The Oxford Dictionary just updated its definition of “woman” to be more LGBTQ-inclusive

The Oxford Dictionary just updated its definition of “woman” to be more LGBTQ-inclusive

The publisher’s old definition for the word “woman” included “a man’s wife, girlfriend, or female lover”, implying that a woman could only be these things in relation to a man. The new definition now says “a person‘s wife, girlfriend, or female lover” which is more inclusive of female or non-binary partners.

Related: just added a lot of LGBTQ words but will use “homosexuality” less

The publisher also updated the entry for “man” to reflect that men can have partners of any gender.

Additionally, the publisher has labeled some of its synonyms for “woman” — such as “bitch”, “piece”, “baggage”, “wench”, and “filly” — as offensive or derogatory.

The publisher will also revise some of its dictionaries’ sample sentences illustrating the use of “woman” which petitioners found sexist. Some examples of these sentences include the following: “I told you to be home when I get home, little woman”, “Ms. September will embody the professional, intelligent yet sexy career woman”, and “If that does not work, they can become women of the streets.”

“These examples show women as sex objects, subordinate, and/or an irritation to men.” wrote women’s rights advocate Maria Beatrice Giovanardi in her petition, which launched in July 2019.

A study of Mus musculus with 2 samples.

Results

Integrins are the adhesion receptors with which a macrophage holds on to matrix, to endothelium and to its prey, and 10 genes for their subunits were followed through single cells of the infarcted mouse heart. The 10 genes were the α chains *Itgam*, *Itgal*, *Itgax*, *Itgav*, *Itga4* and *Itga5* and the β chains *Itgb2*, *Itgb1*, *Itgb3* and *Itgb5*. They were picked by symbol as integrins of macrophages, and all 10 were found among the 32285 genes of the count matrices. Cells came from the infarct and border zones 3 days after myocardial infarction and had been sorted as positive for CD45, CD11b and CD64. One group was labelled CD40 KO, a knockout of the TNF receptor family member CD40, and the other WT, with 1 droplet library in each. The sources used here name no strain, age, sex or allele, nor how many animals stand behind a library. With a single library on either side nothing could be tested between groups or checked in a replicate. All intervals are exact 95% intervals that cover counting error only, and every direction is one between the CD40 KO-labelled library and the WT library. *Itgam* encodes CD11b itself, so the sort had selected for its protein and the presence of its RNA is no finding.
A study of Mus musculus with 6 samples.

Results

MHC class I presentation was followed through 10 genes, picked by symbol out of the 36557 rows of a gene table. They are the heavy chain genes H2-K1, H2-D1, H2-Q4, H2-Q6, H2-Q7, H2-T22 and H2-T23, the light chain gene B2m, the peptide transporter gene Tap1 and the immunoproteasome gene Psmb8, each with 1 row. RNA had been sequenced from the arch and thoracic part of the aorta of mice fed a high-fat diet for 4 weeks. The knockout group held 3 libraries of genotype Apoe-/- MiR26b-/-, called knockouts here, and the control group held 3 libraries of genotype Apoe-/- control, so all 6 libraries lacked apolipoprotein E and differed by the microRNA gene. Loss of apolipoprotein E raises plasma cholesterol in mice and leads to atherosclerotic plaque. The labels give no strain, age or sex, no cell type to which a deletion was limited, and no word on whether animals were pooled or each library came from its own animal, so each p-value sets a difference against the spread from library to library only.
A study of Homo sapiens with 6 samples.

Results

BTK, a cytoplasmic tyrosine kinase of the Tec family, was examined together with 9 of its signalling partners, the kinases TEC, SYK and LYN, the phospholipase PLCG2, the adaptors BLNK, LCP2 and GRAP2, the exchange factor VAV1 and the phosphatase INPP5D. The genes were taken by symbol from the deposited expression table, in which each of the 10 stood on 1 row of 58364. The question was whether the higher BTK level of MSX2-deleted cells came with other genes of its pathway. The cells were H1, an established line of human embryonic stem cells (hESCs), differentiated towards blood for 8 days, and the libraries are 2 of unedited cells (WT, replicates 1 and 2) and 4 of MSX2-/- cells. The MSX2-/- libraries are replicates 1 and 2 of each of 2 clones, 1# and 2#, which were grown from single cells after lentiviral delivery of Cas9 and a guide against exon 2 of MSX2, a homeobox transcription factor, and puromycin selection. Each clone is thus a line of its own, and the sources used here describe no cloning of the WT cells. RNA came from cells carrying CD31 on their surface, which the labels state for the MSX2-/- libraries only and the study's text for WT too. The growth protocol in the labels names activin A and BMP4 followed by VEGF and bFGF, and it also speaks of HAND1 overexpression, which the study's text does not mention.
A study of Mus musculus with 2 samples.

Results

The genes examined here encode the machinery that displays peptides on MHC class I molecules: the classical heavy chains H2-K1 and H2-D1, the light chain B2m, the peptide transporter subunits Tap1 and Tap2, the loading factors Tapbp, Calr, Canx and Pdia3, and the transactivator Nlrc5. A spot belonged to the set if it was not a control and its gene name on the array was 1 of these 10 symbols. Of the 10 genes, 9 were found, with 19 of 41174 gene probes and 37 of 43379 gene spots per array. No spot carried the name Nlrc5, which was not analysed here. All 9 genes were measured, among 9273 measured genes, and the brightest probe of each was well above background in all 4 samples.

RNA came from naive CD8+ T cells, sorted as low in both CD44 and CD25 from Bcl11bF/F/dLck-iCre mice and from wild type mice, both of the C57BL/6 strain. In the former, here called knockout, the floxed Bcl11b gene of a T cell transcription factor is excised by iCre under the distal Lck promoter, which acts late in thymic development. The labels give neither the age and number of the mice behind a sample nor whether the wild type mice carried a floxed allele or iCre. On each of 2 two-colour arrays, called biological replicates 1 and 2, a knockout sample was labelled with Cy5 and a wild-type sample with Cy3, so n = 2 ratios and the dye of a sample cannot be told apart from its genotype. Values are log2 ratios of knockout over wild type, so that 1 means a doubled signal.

Giovanardi called the changes “a huge step forward for the LGBTQI people,” adding, “It is respecting their love and unions.”

In a statement, the publisher said its dictionaries “reflect rather than dictate, how language is used.”

“This independent editorial approach means that our dictionaries provide an accurate representation of language, even where it means recording senses and example uses of words that are offensive or derogatory, and which we wouldn’t necessarily employ ourselves,” a spokesperson for the publisher told The Guardian.

Nevertheless, Giovanardi still takes issue with the dictionary listing derogatory terms like “bitch” as synonyms for women, even if they’re labeled as derogatory.

She said that “d*ckhead”, a word defined as “a stupid, irritating, or ridiculous man,” isn’t included in the list of synonyms for men, revealing a continuing double standard and willingness to abuse women in the English language.